According to Murray Barnett, World Rugby’s Head of Commercial, Broadcast and Marketing, the HSBC World Rugby Sevens Series continues to remain as the main engine for growing rugby audiences worldwide – more so than the Rugby Sevens debut at the 2016 Summer Olympics.
Sevens Series is still what the players want to win
Said Barnett, “The Sevens Series is still what the players aspire to win. Having watched Rugby Sevens at the Olympics on television, we believe audiences will be more keen to watch the Sevens Series this season. With all that’s happening in the world, more people will be interested in sports to escape the realities of life.”
In the new edition of the Sevens Series, which had kicked off at the beginning of this month, South Africa had kick started their season with a win in the first tournament in Dubai. Then in the second tournament, which ended yesterday, England shocked the South Africans in Cape Town in the final, to win the HSBC Cape Town Sevens.
The next leg of the series now moves on to Wellington next month.
Singapore leg is one of the key events of the Sevens Series calendar
The Singapore leg will take place on 15 and 16 April next year and Barnett describes it as one of the “key events” on the HSBC World Rugby Sevens Series calendar. But he did not rule out future competition from other cities.
Said Barnett, “It won’t be long before you see more than two tournaments in Asia, because the buzz around Rugby Sevens is much greater in Asia than in other parts of the world. We have interest from many Asian cities wanting to host a Sevens Series event. Right now our primary concern is player welfare. There are only a certain number of tournaments the players can play, so I don’t see it happening in the next year or two. But there will come a time when we will work out if the squads are big enough and if teams can manage the rotation of players better, to enable us to then add new cities onto the Series schedule.”
A recent visit to Singapore by Barnett
Barnett had shared this during a recent visit to Singapore, where he was shown around Singapore’s iconic National Stadium. And Barnett was impressed by the world’s largest retractable domed roof, which ensures non-stop action whether rain or shine, as well as air-cooled seating, a spacious concourse and promenade for fan engagement activities.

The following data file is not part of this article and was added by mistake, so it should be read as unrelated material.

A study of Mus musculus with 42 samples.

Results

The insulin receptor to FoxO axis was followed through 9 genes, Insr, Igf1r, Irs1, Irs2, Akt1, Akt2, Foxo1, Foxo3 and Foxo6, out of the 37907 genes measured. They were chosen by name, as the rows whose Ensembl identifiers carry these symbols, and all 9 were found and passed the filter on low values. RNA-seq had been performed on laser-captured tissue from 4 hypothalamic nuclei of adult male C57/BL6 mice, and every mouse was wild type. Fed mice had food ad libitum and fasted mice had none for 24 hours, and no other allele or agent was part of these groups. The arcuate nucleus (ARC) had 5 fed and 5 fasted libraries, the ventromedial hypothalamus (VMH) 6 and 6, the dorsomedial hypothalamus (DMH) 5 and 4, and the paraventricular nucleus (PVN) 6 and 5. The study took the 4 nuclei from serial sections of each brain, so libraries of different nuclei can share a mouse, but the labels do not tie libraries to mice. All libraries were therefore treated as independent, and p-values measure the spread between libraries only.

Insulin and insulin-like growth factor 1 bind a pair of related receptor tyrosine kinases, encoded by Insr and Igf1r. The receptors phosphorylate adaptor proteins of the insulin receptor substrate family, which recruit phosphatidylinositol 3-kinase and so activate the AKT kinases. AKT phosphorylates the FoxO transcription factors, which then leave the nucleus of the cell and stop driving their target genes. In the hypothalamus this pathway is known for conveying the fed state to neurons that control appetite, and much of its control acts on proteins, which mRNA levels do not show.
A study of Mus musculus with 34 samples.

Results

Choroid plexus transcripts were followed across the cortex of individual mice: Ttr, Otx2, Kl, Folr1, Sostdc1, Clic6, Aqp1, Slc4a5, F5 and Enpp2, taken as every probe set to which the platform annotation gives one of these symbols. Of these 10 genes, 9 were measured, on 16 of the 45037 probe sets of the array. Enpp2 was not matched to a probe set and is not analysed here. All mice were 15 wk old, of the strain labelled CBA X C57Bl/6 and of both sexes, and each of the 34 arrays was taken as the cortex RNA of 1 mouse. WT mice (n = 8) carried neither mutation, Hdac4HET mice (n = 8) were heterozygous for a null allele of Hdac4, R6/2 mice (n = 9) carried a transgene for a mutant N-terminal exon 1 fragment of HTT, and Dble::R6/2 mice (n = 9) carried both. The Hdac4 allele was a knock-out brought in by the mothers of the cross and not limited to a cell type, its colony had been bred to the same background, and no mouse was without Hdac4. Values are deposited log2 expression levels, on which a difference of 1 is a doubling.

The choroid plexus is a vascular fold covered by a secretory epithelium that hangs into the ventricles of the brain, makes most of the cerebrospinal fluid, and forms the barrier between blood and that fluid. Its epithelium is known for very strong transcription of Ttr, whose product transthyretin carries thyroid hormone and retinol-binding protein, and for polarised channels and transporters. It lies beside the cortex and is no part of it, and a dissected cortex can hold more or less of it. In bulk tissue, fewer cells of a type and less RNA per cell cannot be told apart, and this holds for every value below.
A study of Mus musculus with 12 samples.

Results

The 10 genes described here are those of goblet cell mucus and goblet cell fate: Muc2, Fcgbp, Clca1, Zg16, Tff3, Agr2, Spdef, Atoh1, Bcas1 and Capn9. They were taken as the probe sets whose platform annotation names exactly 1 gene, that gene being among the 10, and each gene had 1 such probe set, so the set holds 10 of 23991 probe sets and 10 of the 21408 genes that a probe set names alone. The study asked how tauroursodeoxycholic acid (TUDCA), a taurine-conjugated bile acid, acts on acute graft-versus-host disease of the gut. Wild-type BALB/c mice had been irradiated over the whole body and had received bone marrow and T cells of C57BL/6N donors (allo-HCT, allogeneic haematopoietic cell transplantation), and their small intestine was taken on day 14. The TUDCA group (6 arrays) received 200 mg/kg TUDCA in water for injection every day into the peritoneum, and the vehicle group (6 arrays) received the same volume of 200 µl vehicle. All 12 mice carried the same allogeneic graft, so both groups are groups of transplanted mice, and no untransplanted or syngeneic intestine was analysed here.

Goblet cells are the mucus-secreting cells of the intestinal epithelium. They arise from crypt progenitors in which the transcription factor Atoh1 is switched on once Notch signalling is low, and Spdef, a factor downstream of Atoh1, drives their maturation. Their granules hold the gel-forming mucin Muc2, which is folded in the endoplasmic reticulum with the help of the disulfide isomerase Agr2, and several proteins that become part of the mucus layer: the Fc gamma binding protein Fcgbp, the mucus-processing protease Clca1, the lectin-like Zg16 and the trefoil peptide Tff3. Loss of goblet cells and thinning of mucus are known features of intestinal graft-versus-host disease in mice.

Said Barnett, “In terms of amenities, it’s probably the best stadium hosting a Sevens series event. World Rugby conducts post-event surveys where players are asked about everything from facilities to food, transport, hotel accommodation and more, and Singapore came out as one of the top two events in the Series in these areas. To achieve that in its very first year is just incredible.”
Singapore had made its HSBC World Rugby Sevens Series debut at last year’s tournament.
Added Barnett, “What is more important is that it’s not just expats wanting to watch the Sevens. We see overseas visitors from Asia coming in to watch and Singaporeans getting interested in the sport. In terms of commercial sponsorships it’s also very buoyant, as the Rugby Sevens provide sponsors with excellent value of money. In developing markets we look for a strong union, good sized economy and a liking for the sport. When you put all of these together it may eventually lead to further success on the playing field – it will be great to have a Singapore team on the HSBC World Rugby Sevens Series one day.”
Rugby at the Olympics
Barnett had also shared during his visit, that last year’s edition of the HSBC World Rugby Sevens Series had been billed as the Road to Rio and hit year-on-year highs for attendance, viewership and engagement figures as six different nations won the Series finales. One of the greatest shocks had been underdogs Kenya winning the tournament on Singapore soil.
And at Rio 2016, the Rugby Sevens event had been the most socially-engaging Sevens of all time, and a study by Nielsen Sports showed that compared with other Olympic sports, interest in Rugby Sevens saw the highest increase following the Summer Games.
The Olympic tournament, which had seen Fiji winning their first ever Olympic medal, was also the return of rugby to the Olympic stage for the first time in 92 years.
Said Barnett, “The Sevens game is the growth engine of the sport. It is attractive to younger people and suited to a wide demographic. It’s not as technical as 15-a-side Rugby Union and more appealing for young people to take part in. Hopefully it ends up being their gateway into the longer form of the game. Asia Rugby also hopes to develop one million players by the time of the first Rugby World Cup in Asia.”
This 15-a-side Rugby World Cup will take place in Japan in 2019 – the first time an Asian country is hosting the world tournament.
Buy tickets for the HSBC World Rugby Sevens
Tickets for the 2017 HSBC Singapore Sevens are currently available.
Till 31 December 2016, two-day season passes for adults (S$120 for Category 1 and S$40 for Category 2) are 20% lower than in the general sale period (1 Jan 2017 onwards). Rugby Singapore is also offering the first 5,000 Category 1 ticket-buyers a free HSBC Singapore Rugby 7s commemorative t-Shirt and more details can be found on www.singapore7s.sg.
Photos are courtesy of Rugby Singapore.